A vigil was held in Bridgeport Thursday — one year after Hurricane Maria hit Puerto Rico.

The event was a small, solemn gathering held in memory of those who died.

Ilanys Hernandez, who now lives in Bridgeport, was born in Barceloneta, Puerto Rico. She spoke to the crowd and struggled through tears. It brought back everything she went through in the storm’s aftermath when she worried about loved ones back home.

“Seeing where I grew up not looking the same and thinking if everyone was okay when I couldn’t know if they were or they weren’t,” Hernandez said.

But, she was proud that she shared her thoughts. It made her hopeful for the future.

“Seeing all the people getting together gives me hope that Puerto Rico can get up stronger,” Hernandez said.

Ilanys Hernandez receives support from a friend as she struggles to hold back emotion while addressing a vigil for Hurricane Maria victims at Bridgeport's McLevy Green.
Credit Frankie Graziano / Connecticut Public Radio
Connecticut Public Radio
Ilanys Hernandez receives support from a friend as she struggles to hold back emotion while addressing a vigil for Hurricane Maria victims at Bridgeport's McLevy Green.

The vigil – and a related event held in Hartford were organized so people could share their sadness with one another. That’s not the only emotion people went through – at times, they were also angry. The vigil-goers repeatedly chanted “4,645” to make a statement about how they thought Puerto Ricans were treated in the aftermath.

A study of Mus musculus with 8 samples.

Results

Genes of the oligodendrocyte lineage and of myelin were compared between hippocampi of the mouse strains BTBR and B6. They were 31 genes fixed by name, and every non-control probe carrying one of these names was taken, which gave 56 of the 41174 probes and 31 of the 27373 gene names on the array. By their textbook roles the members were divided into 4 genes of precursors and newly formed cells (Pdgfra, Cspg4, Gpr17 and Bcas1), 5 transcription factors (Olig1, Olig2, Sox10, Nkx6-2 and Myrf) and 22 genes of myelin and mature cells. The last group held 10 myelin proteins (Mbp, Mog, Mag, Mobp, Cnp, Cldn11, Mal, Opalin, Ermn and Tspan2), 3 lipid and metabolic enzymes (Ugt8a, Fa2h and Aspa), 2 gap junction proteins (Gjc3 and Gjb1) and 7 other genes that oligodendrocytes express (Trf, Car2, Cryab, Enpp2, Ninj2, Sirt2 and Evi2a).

It’s a reference to a Harvard University estimate of how many “additional deaths” occurred as a result of the storm’s impact.

Antonio Torres, one of the organizers of the vigil, said fewer people would’ve died if the U.S. government had a better response.

“If the Puerto Rican people don’t realize that the American federal government does not care about them and does not care about their well-being -- if this doesn’t show them that then I don’t know what else will,” Torres said.

Torres wants Puerto Ricans living on the mainland to know they can do something about the government’s response. He said if they were to vote in November and vote for politicians that represent their interests, that’d change the equation.

If you read any of Frankie Graziano’s previous biographies, they’d be all about his passion for sports. But times change – and he’s a family man now.